The Milky Way Galaxy is relatively typical of galaxies today, if a bit on the beefy side. It has about 200 billion stars, and is 100,000 light years across.
Now imagine a galaxy with that same mass, but only 5000 light years across. That would be an incredibly densely packed galaxy, and in all honesty, pretty freaky.
But that's exactly what astronomers using Hubble and Keck have found! Probing the early Universe, 11 billion light years away, they found nine galaxies that are as massive as galaxies today, but far more compact. The galaxies are very young, only a half to one billion years old, judging from the types of stars they contain. Not only that, they appear to be quiet: unlike our galaxy today, these distant compact galaxies are not actively forming stars. It's as if they formed all their stars all at once right from the start, and then that was that.
|This plot shows that these galaxies really are small and massive. Size is shown on the vertical scale (bigger galaxies are near the top) and mass along the horizontal (more massive galaxies to the right). A big massive galaxy would be to the upper right, and a low mass, dinky galaxy to the lower left. These oddballs are marked, and are clearly separate from other galaxies: they are massive, yet small.|
That's really weird! What could cause such galaxies to form so tightly jammed with stars? One idea is that in the early Universe there were pockets of dark matter, places where it was somewhat denser than on average. Hydrogen would have collected there, attracted by the fierce gravity, and formed the galaxies. Constrained by the dark matter pockets, the galaxies would have been very dense and formed stars furiously for a short period until all the hydrogen was used up. That would explain their small stature, dense stellar population, and lack of ongoing star formation. But it's just a hypothesis for now.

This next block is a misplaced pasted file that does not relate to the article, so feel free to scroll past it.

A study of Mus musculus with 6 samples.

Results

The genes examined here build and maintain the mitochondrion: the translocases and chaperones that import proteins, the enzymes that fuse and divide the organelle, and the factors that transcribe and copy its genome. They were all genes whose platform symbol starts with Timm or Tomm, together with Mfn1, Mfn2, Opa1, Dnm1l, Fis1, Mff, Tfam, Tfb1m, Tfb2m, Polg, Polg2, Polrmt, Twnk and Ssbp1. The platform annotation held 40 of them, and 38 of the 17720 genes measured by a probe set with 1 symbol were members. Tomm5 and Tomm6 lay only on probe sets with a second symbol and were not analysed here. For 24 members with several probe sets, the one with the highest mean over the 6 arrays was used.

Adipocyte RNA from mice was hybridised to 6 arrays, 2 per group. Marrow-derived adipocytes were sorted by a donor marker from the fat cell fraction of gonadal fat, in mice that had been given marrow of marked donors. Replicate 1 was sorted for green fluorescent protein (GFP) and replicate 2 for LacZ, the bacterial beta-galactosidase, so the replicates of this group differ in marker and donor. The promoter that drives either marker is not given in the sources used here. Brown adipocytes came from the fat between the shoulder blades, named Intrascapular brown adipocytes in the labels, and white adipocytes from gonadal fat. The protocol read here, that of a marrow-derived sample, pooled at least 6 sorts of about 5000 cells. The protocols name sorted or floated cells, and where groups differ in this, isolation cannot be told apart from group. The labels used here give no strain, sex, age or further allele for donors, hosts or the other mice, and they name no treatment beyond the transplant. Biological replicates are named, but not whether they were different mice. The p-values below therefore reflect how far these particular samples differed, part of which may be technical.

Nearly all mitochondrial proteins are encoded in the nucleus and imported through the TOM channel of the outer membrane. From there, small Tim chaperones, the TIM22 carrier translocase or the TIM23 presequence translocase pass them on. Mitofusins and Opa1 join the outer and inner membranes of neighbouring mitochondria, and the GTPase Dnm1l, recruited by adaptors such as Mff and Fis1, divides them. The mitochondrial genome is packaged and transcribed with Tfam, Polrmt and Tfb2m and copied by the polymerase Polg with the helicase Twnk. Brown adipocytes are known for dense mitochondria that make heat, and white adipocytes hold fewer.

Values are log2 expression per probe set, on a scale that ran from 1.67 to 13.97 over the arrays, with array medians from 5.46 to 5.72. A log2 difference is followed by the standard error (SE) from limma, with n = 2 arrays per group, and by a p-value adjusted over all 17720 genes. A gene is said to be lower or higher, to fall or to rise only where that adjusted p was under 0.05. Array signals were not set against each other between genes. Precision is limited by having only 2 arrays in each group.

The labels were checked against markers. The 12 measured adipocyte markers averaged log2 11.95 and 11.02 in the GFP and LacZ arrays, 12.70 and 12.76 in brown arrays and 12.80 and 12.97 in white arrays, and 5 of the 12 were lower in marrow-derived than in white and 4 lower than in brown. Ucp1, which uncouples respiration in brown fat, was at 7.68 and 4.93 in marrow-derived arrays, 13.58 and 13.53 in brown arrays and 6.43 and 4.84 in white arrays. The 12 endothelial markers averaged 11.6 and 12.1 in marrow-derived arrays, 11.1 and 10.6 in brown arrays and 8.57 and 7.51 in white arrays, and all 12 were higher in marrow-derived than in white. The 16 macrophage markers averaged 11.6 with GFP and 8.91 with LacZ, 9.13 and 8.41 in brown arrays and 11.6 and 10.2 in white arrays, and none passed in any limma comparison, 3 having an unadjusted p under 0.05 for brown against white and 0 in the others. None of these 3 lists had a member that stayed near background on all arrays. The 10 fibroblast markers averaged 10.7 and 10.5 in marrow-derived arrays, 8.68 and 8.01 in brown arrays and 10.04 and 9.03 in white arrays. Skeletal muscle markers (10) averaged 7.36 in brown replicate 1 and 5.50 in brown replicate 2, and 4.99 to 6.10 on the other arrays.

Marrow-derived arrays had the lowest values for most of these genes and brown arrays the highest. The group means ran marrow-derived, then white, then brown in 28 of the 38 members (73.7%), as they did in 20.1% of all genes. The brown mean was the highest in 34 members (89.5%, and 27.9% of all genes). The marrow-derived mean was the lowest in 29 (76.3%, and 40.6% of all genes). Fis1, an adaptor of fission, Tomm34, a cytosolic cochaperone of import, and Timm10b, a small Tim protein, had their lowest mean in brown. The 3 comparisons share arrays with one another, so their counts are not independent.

What's also odd is that we do not see any galaxies like these today; any galaxy of comparable mass that we see in the current Universe today is far larger, like our Milky Way. So these galaxies existed in the past -- possibly in large numbers -- but we don't see them now. Where did they go?
They may get bigger with time. It's not clear how they would do that, but perhaps the more massive stars fall to the center, flinging lighter stars outward, puffing up the galaxies over time (I describe this process a bit in a post yesterday about globular clusters). Maybe they collide and puff up -- though that means they would get even more massive than we see them, and they're already as hefty as galaxies today. Maybe they grow dark over time, and we just don't see them any more.
Actually, I don't like any of these answers very much. We obviously need a lot more observations of these tiny dense suckers. However, we're pretty much at the limit now; it took Hubble's and Keck's incredible resolution to be able to see these things at all. We'll have to wait for the Hubble servicing mission in September to get even deeper images, when the new Wide Field Camera goes online. I suspect that STIS, the spectrograph that I used to work on, may be able to help as well, if the astronauts can fix it too.
Either way, it's cool to know the Universe can still throw us the odd curveball or two. The more we look, the more weirdness we find.